Tuesday, June 8, 2010

The "Pro-am" Journalist: Is it Safe to Eat?

Here's a quiz for all your bloggers and/or journalists out there: what do many bloggers feel entitled to that would also make most true journalists lose their job? Answer: publicly begging for payola. See exhibit A (the following stream of tweets from one weight-loss blogger)

On one hand, I can understand why this blogger was upset. They were essentially told they'd be getting something in exchange for a blog post advertising GNC products only to have GNC later back out. So what happened? Probably only the folks at GNC know, but since this is my blog, I'd be willing to venture a guess.

The upset blogger claims she wants to "review" GNC's products. Reviews are trusted to be as free from bias as possible - something that gives an accurate appraisal of something to help inform consumers of whether they should buy/eat/wear/travel to something. So, good reviews are obviously something a company likes to see written about their products. But what happens when those reviews or the reviewer is less than credible?

A lot of smart PR and marketing strategists will tell you that, given the savvy of the modern media consumer, the last thing you want is to have reviews look unauthentic. Some strategists would even suggest planting a poor review amongst a sea of positive reviews just to make those positive reviews appear more credible. So, knowing that those same savvy consumers might notice that this one particular "reviewer" only reviews what she gets for free - and assuming GNC knows that fake reviews can be more detrimental than beneficial - it's quite possible GNC said "thanks, but no thanks. We'll get our good reviews the old-fashioned way - with a solid product." Which led to this...

Of course, the whole thing could just be disorganization on GNC's part, but that's not the point. The point is, this blogger is unwittingly telling everyone that follows them on Twitter "hey, my blog is for sale! These reviews are bought and paid for and, let's face it, are really just more annoying advertising!"

To be fair, journalists are sent fee product for review on a constant basis. That said, the very thought of so publicly complaining about not getting free merchandise in exchange for a review would be abhorrent to any properly-trained journalist. And that's just it - the vast majority of everything published on line has no legitimate training behind it.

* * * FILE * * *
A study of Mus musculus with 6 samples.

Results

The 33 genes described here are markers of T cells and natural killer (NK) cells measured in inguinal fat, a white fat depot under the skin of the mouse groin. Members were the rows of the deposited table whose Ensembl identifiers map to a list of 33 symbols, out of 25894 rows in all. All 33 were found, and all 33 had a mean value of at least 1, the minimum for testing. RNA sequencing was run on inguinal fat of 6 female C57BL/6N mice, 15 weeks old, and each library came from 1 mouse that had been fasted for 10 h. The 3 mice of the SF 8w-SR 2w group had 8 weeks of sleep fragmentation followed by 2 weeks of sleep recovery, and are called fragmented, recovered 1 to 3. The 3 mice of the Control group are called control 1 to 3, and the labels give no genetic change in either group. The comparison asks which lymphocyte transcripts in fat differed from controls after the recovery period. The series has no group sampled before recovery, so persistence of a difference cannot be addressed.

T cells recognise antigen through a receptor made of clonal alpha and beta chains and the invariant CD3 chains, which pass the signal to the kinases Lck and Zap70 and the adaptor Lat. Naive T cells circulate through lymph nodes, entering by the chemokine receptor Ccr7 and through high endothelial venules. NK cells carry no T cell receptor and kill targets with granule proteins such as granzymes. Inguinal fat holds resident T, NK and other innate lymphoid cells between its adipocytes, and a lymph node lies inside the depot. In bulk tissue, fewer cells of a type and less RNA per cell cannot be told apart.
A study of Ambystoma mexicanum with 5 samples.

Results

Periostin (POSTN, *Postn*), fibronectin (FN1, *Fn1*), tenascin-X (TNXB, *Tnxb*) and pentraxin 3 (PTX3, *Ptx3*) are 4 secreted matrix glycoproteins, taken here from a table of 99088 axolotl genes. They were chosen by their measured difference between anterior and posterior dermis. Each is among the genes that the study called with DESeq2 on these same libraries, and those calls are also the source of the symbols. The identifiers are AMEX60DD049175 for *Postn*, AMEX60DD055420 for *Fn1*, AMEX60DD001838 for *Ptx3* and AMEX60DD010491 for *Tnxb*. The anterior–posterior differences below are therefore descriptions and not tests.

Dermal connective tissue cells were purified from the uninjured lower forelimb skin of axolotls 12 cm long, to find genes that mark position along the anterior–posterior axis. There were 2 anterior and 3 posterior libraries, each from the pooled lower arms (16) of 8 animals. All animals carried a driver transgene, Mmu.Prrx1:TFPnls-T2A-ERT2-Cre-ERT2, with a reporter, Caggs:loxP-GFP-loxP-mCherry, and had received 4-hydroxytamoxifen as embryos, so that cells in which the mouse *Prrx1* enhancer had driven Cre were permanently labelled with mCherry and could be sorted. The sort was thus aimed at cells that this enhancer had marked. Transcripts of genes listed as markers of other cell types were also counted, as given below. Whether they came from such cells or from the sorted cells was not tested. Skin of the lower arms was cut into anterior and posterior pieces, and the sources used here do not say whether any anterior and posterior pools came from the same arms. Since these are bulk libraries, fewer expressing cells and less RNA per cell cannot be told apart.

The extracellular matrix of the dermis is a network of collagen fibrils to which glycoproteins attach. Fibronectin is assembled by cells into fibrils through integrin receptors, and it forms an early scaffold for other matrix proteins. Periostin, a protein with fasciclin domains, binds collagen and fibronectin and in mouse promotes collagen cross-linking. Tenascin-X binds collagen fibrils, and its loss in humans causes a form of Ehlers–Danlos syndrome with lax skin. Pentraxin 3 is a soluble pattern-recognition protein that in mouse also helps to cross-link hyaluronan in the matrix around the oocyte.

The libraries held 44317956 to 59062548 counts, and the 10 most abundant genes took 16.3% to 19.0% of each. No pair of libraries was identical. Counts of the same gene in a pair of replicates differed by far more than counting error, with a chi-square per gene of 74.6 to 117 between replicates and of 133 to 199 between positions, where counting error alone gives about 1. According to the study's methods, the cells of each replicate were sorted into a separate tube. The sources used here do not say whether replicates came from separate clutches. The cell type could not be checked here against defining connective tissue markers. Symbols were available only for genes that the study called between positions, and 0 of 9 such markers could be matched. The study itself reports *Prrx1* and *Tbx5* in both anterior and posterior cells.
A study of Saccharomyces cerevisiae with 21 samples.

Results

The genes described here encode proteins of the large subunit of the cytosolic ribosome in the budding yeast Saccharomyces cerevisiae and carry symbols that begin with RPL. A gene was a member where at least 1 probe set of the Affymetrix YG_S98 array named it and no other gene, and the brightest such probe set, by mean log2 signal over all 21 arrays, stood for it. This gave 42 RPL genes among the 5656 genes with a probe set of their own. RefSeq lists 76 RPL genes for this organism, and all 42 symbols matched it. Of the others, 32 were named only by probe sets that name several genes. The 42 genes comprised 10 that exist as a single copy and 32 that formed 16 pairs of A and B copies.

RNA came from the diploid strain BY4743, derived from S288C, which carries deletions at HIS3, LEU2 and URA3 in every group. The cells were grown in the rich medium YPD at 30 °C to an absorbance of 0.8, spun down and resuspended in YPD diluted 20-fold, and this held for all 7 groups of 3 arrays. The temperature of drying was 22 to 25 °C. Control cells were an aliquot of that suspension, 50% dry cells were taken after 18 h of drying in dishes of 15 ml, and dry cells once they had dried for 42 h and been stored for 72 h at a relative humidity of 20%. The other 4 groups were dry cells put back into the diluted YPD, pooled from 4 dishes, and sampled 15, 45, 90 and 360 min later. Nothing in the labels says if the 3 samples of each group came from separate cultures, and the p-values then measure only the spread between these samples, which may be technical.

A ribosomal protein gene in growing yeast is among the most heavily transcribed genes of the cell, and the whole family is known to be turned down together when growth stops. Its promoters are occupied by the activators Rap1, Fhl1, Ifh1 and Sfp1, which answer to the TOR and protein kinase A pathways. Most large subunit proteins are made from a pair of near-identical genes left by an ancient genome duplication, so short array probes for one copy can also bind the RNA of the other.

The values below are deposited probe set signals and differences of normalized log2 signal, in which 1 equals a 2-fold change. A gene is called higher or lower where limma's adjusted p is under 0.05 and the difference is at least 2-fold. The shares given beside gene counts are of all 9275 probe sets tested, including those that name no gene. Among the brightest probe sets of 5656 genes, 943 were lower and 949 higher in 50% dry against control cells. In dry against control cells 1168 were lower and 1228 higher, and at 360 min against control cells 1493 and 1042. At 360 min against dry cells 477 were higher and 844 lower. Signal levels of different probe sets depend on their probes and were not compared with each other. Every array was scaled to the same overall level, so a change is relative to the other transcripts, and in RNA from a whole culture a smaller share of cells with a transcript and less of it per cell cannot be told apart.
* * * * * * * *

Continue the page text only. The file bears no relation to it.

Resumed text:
Check out this story from Ad Age on "Pro-am" journalists. If you don't have an account or don't want to log in, here's the paragraph that matters most from that piece. It's a quote from former New York Observer Editor Peter Kaplan:

"The relationship between the reporter and the editor is the one safeguard when it comes to the business of truth telling." In assessing the recent rise of so many content farms (large masses of content gleaned on the cheap from untrained citizen journalists), Mr. Kaplan referenced Upton Sinclair's "The Jungle," and perhaps minted a new quote for future observers: "What these sites are producing," he started before a long pause: "You know what it is? It's like sending unchecked meats out to the public."

That's precisely what the angry GNC blogger is providing - unchecked meats that might not be safe to eat. The blogger means well and could have written an honest review. But we don't know. And she represents an ever-growing demographic of "Pro-am" journalists with little or no training and just as much credibility.

None of this post is meant to dissuade anyone from serving as a citizen journalist. Instead, it's meant as a reminder of how important it is to get our information from credible, reliable, cross-checked sources. Our democracy depends on an informed public and that depends on reliable, well-trained journalists - not bloggers who throw temper tantrums every time a bone gets pulled from their teeth.


  1. I would not see a blogger who is paid or compensated with free merchandise to be any more credible than a purchased ad on TV or radio.

  2. Thanks for the comment Kyle!

    In my opinion, you're exactly right. Problem is, we know advertisements on TV are just that ...advertisements. If the angry blogger above would have been given her free product, would she have said so in her blog? Some responsible bloggers do, but others I know for a fact do not.

    To me, it all reiterates the importance of getting information from as many different sources as possible before making any decisions about what to do or how to think. This is especially important now that we have so many sources to choose from.